Alexie Torres-Fleming, speaker and Christian urban leader, shared her faith journey with the Goshen College community at the special “Celebrate Service Day” chapel on Wednesday morning.
Torres-Fleming was born in a housing project in the South Bronx—the poorest area in the country. Her father came to New York from Puerto Rico before she was born, and he got a job where he had to complete tasks such as washing urine off of elevator walls.
Despite her sometimes difficult living conditions growing up, she said, “My life was wonderful, to me.”
It wasn’t until she entered high school that she began seeing how the outside world saw her. Being a Puerto Rican growing up in the inner city, people felt they needed to prevent her doing things, she said.
Torres-Fleming grew up in the midst of urban renewal and planned shrinkage. She recalls that as an attempt to rid the city of poverty and get a fresh start, businesses closed down in order to get people to leave. Sometimes landlords would burn down their own buildings and collect the insurance money.
“I could hear fire engines ringing in my ears, interrupting conversation; the taste of smoke in my throat all the time,” she said.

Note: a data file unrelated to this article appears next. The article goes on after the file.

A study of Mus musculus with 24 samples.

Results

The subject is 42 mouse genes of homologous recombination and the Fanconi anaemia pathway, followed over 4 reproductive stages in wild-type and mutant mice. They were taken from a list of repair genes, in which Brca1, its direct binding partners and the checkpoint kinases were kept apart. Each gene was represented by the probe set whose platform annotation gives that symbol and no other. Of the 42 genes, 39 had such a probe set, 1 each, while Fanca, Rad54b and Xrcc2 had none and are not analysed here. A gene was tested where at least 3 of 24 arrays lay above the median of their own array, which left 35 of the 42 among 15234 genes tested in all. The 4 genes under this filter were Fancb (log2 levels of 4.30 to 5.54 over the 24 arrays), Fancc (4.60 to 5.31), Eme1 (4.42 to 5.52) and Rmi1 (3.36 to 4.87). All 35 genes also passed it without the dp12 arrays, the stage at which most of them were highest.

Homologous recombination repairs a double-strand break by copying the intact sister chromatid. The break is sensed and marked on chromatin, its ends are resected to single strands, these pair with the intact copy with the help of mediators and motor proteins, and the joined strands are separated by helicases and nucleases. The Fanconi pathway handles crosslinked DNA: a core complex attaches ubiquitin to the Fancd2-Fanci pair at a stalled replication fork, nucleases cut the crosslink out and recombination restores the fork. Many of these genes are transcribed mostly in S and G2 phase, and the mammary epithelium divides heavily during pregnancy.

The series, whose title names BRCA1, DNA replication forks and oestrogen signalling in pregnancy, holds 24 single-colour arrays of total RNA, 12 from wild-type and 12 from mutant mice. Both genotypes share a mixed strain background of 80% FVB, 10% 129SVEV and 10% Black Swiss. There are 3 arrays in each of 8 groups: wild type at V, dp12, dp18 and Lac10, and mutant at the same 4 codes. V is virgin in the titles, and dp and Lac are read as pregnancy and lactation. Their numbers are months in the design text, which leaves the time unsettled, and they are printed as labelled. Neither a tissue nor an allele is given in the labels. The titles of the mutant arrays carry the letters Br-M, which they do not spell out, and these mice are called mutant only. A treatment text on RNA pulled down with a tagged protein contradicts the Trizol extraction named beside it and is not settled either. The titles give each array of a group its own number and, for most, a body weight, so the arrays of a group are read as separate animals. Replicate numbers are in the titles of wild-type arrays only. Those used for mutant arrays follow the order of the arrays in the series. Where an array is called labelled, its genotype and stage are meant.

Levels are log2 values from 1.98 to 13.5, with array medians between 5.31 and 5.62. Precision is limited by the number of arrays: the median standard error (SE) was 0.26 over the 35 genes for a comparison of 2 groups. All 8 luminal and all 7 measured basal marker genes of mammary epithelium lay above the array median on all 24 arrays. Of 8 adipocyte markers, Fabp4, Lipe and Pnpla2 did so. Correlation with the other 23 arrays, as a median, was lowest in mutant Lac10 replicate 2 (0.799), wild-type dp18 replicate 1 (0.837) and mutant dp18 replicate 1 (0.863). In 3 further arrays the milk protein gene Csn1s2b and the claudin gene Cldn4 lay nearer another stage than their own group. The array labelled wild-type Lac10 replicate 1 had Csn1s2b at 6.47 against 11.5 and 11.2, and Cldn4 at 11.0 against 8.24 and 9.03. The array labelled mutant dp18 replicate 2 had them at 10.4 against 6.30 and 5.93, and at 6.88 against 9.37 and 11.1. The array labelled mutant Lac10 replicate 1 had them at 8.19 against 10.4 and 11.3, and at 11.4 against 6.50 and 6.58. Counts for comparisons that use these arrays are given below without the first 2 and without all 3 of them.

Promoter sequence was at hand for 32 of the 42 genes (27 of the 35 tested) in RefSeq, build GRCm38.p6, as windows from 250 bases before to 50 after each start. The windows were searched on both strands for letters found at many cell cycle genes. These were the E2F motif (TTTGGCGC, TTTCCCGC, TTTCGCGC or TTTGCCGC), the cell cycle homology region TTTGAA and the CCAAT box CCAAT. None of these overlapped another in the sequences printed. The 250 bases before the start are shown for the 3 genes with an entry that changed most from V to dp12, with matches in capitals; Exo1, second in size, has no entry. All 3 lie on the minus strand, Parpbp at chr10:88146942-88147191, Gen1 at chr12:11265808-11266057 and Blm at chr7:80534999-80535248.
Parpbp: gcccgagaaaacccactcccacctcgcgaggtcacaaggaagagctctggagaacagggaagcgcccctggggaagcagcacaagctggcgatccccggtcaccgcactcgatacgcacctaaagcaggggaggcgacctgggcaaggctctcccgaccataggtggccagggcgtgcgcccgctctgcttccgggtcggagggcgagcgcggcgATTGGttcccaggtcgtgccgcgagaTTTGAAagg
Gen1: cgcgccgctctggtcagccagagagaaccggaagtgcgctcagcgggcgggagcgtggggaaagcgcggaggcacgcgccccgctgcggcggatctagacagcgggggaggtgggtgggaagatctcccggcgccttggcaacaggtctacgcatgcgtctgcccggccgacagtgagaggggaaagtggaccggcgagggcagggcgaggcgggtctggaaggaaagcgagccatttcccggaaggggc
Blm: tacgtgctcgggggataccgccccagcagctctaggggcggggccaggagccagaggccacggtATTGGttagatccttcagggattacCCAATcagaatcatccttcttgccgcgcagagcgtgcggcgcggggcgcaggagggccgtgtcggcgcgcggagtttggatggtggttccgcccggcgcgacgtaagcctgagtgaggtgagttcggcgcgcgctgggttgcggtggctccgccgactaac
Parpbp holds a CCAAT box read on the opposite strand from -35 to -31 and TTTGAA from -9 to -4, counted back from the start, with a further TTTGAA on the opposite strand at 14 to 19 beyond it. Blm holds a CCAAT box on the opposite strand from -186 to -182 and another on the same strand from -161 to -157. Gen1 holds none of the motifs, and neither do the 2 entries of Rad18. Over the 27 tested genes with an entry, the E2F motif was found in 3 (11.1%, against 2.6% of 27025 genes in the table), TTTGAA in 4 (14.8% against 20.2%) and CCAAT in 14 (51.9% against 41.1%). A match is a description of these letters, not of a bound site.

All Torres-Fleming wanted to do after she graduated high school was to serve, but opportunities simply weren’t available to her. As a result, she left the Bronx and became a successful businessperson in Manhattan.
Despite her wealth of material possessions, she said she still felt an empty void.
“I had a real hate relationship with myself,” she said. “I thought church and faith meant making it into heaven sometime. I didn’t realize it was about relationships between people.”
During one of her visits back to the Bronx, she decided to go on a drug march with the Franciscan church she attended. Her community (of less than one square mile) included seven known crack houses. The drug march group visited each of these houses and prayed for them.
A few days later, Torres-Fleming heard on the news that drug dealers, in retaliation to the march, had torched her church. All that was left were broken statues and piles of rubble.
“’What are you doing crying over this building?’ I heard God say,” she said. “God is not in the broken statues, but in the poor and the hungry.”
She felt a strong need to take action and decided to organize another march. Despite the threat of death and many people saying that no one would show up, 1,200 people were present for the second march. Torres-Fleming sensed a real power amongst the people gathered.
The crowd did not consist of the successful business people she used to work with, but rather single mothers, as well as her father.
“I had forgotten who I was raised to be,” she said. “I let other people’s thoughts about me actually define who I was.”
Two months later, Torres-Fleming quit her job in Manhattan and moved back to the South Bronx. From there, she founded Youth Ministries for Peace and Justice, a program that focuses on inspiring young people to become leaders for peace and justice.
Torres-Fleming also spoke during Wednesday night worship, and will speak to a number of student groups on campus. She will also be sharing during chapel on Friday.